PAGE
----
October Term, 2013
February 25, 2014
Today the Supreme Court issued one decision, described below, of interest to the business community.
Personal Jurisdiction—Specific Personal Jurisdiction Based On Defendant’s Actions in Forum State
Walden v. Fiore , No. 12-574
A trial court’s exercise of personal jurisdiction over a defendant is limited by the Constitution’s Due Process Clause. Today, in Walden v. Fiore, No. 12-574, the U.S. Supreme Court held that “[a] forum State’s exercise of jurisdiction over an out-of-state intentional tortfeasor must be based on intentional conduct by the defendant that creates the necessary contacts with the forum.” Accordingly, the crucial question is “whether the defendant’s actions connect him to the forum,” and not whether the defendant caused the plaintiff to sustain an injury in the forum.
This case favorably resolves an issue of vital concern to the business community. Employing the so-called “effects test” of personal jurisdiction, plaintiffs have obtained personal jurisdiction over businesses for a wide variety of claims, particularly in the product liability realm. Today, the Supreme Court has cut short that practice.
The plaintiffs in this case were professional gamblers traveling from Puerto Rico to their home in Nevada. Their route home from Puerto Rico included a layover in Atlanta. While at the Atlanta airport, the defendant, a deputized DEA officer, seized almost $97,000 from the plaintiffs on suspicion that the money was involved in the drug trade. The plaintiffs maintained that they were carrying the cash in conjunction with their work as gamblers. The defendant advised the plaintiffs that their money would be returned if they later demonstrated that it had been legitimately gained. Over the next two months, the plaintiffs provided documentation proving that the money was gained lawfully. At some point after seizing the money, the defendant also assisted in drafting an affidavit to show probable cause for forfeiture of the cash and forwarded the affidavit to the U.S. Attorney’s Office in Georgia. The plaintiffs maintained that the affidavit was false and misleading. In the end, no forfeiture complaint was filed and the funds were returned to the plaintiffs.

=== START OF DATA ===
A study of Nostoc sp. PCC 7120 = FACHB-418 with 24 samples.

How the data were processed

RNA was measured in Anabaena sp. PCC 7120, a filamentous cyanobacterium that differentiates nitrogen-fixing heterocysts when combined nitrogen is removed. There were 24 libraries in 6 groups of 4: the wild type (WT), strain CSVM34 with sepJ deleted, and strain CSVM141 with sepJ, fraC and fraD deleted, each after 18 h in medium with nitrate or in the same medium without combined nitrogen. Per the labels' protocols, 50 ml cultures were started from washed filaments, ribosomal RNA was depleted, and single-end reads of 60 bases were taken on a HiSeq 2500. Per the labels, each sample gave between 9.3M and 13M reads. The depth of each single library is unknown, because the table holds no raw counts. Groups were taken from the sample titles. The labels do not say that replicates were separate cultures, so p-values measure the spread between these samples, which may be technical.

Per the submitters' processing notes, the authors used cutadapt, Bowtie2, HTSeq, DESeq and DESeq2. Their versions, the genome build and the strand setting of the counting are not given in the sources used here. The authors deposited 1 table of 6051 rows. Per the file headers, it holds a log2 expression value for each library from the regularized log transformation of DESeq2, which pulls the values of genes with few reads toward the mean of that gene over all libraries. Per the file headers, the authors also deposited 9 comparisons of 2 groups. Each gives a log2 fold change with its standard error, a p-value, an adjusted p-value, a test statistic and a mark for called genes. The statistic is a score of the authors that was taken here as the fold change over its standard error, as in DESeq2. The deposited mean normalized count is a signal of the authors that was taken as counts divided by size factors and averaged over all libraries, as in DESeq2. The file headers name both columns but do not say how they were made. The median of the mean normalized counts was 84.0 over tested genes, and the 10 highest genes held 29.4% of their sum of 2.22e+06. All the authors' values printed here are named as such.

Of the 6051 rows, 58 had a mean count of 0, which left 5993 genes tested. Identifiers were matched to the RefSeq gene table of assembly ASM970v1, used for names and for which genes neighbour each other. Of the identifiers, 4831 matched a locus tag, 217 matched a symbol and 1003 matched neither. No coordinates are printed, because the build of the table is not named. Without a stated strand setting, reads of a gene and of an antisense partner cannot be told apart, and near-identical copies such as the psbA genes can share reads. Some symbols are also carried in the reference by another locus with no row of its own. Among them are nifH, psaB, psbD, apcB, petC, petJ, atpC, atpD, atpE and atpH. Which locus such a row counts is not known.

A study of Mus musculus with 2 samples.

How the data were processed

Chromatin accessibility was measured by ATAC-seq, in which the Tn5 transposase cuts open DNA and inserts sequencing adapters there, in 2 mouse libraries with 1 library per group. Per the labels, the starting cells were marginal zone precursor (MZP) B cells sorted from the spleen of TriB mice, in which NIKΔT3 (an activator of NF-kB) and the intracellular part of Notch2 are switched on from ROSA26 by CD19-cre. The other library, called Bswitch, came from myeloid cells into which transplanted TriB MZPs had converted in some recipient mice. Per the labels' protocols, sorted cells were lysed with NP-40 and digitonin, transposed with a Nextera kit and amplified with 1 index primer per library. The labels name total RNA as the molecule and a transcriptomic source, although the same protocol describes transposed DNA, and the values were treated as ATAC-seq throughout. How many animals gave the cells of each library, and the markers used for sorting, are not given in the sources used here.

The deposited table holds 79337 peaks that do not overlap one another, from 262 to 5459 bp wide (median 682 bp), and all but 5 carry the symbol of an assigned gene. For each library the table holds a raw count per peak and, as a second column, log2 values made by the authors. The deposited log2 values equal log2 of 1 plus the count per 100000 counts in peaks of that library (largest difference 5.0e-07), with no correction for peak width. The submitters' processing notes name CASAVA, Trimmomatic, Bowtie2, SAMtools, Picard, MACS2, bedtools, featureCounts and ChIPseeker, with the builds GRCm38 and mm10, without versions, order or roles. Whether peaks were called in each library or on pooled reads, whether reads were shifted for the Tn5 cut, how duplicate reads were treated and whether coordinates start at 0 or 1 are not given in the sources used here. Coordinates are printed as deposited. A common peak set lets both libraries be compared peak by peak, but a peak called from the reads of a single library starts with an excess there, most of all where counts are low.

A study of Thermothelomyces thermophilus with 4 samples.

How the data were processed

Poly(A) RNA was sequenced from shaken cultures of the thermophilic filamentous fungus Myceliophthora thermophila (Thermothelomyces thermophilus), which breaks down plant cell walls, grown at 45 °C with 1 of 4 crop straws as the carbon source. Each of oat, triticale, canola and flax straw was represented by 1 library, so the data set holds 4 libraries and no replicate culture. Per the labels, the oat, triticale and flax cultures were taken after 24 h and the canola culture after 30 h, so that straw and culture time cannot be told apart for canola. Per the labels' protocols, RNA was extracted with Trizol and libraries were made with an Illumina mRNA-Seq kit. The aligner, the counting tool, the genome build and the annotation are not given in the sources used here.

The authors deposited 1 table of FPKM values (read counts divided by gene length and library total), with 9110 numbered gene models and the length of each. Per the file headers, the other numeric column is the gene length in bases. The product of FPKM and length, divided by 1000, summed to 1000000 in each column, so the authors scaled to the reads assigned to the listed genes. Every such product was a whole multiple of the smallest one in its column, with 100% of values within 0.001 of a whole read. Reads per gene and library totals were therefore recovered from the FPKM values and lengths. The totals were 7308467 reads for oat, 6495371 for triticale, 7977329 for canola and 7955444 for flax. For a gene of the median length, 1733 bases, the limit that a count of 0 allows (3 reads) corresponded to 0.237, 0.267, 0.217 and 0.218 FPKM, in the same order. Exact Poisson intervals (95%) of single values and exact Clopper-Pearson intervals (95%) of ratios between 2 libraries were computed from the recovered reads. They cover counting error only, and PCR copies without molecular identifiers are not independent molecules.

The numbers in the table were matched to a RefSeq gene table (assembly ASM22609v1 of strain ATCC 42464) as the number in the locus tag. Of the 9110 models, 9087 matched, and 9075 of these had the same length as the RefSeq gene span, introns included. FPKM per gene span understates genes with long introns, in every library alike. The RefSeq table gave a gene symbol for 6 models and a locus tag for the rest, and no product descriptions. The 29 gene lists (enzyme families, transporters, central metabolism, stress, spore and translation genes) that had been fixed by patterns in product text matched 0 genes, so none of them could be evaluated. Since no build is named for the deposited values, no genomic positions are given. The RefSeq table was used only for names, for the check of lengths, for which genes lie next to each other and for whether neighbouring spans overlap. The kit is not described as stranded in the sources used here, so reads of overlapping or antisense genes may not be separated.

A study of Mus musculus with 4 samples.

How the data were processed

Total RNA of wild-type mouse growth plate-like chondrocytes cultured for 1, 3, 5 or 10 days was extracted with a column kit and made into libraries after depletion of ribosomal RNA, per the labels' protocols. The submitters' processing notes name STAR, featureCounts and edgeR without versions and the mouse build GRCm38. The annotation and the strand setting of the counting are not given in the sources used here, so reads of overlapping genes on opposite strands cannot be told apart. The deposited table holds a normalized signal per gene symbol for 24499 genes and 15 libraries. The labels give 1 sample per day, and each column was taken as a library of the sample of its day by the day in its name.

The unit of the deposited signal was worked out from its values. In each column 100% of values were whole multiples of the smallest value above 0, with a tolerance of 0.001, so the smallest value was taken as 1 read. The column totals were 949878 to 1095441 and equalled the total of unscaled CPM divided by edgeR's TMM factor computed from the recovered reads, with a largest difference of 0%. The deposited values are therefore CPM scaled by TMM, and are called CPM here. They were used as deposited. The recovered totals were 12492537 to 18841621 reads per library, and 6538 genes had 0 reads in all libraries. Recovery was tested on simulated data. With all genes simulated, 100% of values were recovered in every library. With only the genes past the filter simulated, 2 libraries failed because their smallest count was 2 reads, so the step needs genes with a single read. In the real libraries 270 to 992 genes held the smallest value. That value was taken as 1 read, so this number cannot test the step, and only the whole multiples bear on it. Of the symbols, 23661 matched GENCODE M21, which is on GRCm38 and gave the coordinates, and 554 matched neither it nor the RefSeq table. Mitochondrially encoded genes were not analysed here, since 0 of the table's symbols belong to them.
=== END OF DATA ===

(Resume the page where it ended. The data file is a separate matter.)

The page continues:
The plaintiffs filed suit against the defendant DEA agent in federal district court in Nevada, alleging violations of their Fourth Amendment rights. The District Court granted the defendant’s motion to dismiss the complaint, holding that his search of the plaintiffs and seizure of their cash in Georgia, accompanied by his drafting of the affidavit in Georgia, did not establish a basis for personal jurisdiction. The Ninth Circuit reversed. It held that under the “effects” test, personal jurisdiction over the defendant in Nevada did not exceed due process limits. According to the Ninth Circuit, the Due Process Clause required only that the defendant act “outside the forum state for the purpose of affecting a particular forum resident or a person with strong forum connections.”
The Supreme Court reversed. Writing for a unanimous Court, Justice Thomas held that a court in Nevada may not exercise personal jurisdiction over the defendant because the “plaintiff’s contacts with the forum State” are not the determinative factor and the defendant had “no other contacts with Nevada.” The Supreme Court made clear that “Due Process requires that a defendant be haled into a court in a forum state based on his own affiliation with the State, not based on the ‘random, fortuitous, or attenuated’ contacts he makes by interacting with other persons affiliated with the State.” Going forward, the controlling inquiry will look to “whether the defendant’s conduct connects him to the forum in a meaningful way,” and not to “where the plaintiff experiences a particular injury or effect.”
Any questions about this case should be directed to Brian D. Netter (+1 202 263 3339) or Charles A. Rothfeld (+1 202 263 3233) in our Washington office.